As parents, one of the most important jobs we have is to keep our children safe. Thousands of children are either killed or injured each year as a result of car accidents. Using a car seat properly can help prevent many of these deaths and injuries but with so many options and so much advice out there it can be overwhelming.
Our most important piece of advice – check with the experts. The National Highway Traffic Safety Administration (NHTSA) has a great deal of information on everything from choosing the right car seat for your child, to installing it correctly and keeping up to date on recalls. You can visit their website here.
You can also consult with a car seat technician to ensure you are using the right car seat for your child or infant and to check for proper installation. In South Florida you can contact the Pembroke Pines Police Department, Coral Springs Fire Department, or the University of Miami Injury Free Coalition (among others) for these services.
Here are some basic guidelines for the type of car seat you should be using. Always check with the seat manufacturer for proper height and weight limits.
For Infants and Toddlers: Either a rear-facing only or a rear-facing convertible car seat. Children should be in a rear-facing car seat until they are at least 2 years old. There are also extended rear-facing car seats on the market, as keeping children rear-facing as long as possible will ensure their safety.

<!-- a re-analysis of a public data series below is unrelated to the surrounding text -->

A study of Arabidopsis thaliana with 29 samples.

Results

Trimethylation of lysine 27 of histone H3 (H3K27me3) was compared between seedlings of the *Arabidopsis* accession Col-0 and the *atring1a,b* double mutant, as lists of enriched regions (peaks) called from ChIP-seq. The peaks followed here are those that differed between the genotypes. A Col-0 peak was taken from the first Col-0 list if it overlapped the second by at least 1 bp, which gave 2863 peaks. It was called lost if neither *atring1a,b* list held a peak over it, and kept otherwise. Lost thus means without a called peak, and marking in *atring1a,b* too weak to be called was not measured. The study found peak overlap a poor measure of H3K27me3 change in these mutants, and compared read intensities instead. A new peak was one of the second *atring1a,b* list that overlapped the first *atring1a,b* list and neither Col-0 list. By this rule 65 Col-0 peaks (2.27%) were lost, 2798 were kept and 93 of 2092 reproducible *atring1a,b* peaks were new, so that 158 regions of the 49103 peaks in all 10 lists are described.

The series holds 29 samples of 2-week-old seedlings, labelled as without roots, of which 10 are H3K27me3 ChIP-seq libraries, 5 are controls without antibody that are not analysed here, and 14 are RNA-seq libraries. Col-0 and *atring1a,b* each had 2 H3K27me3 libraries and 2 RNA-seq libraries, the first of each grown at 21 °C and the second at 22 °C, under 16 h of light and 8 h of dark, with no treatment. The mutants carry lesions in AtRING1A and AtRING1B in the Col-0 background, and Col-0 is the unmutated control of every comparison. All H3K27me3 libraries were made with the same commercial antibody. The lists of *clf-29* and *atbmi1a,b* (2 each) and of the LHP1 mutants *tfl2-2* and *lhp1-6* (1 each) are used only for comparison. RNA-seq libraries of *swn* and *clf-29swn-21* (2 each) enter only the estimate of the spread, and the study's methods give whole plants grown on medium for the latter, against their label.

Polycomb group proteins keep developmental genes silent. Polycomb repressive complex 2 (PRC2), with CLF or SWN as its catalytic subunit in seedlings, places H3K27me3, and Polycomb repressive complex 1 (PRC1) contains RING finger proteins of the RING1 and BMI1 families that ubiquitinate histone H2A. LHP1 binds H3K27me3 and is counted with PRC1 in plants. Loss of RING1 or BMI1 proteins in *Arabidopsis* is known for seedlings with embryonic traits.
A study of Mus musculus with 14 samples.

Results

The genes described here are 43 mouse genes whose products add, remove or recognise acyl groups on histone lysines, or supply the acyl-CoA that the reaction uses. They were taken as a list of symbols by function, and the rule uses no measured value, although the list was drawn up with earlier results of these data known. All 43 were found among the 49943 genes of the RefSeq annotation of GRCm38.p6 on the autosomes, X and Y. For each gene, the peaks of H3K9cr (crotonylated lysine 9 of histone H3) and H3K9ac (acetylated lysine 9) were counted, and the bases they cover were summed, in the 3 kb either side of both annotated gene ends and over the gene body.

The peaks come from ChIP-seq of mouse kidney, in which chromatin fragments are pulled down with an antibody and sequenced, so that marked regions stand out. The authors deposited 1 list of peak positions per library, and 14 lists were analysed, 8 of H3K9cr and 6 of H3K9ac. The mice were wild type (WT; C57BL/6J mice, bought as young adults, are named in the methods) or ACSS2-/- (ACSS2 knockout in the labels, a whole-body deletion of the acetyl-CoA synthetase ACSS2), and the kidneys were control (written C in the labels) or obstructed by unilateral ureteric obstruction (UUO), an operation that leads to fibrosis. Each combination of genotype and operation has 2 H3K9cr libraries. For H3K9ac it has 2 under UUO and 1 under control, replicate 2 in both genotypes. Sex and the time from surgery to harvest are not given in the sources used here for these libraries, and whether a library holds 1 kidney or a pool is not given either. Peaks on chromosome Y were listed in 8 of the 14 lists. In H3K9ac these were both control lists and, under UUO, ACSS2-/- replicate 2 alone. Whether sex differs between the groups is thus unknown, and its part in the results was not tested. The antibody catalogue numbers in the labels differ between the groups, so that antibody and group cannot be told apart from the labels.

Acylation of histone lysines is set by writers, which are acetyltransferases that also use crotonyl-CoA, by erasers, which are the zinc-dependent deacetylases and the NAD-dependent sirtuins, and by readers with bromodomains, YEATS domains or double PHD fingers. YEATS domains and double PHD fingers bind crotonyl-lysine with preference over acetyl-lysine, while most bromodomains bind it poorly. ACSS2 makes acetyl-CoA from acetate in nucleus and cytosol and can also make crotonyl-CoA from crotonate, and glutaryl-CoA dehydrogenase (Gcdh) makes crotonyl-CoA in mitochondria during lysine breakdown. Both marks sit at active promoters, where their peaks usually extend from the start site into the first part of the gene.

Toddlers and Preschoolers: Once your child has outgrown their rear-facing car seat they should be in a forward-facing seat with a harness. This type of seat should be used as long as possible, as long as the seat’s height and weight limits allow.
School-Aged Kids: If your child is no longer within the weight and height limit for their forward-facing car seat they can be transitioned into a belt positioning booster seat. Usually these can be used until the child is 8-12 years old or have reached 4 feet 9 inches in height. As always, check your seat manufacturer’s instructions first.
Older Kids: When your child is large enough and old enough to stop using a booster seat they still need to continue using the lap and shoulder seat belt. Make sure these fit properly and comfortably. Additionally, children younger than 13 should never ride in the front seat.
A wonderful resource for comparing different types or car seats, their specs and costs is www.carseatblog.com.
At Preferred Link our goal is to educate our clients and empower them with the knowledge to make informed decisions. One of the best ways to protect your family is with the right insurance coverage. Contact an agent today to discuss your needs and those of your family.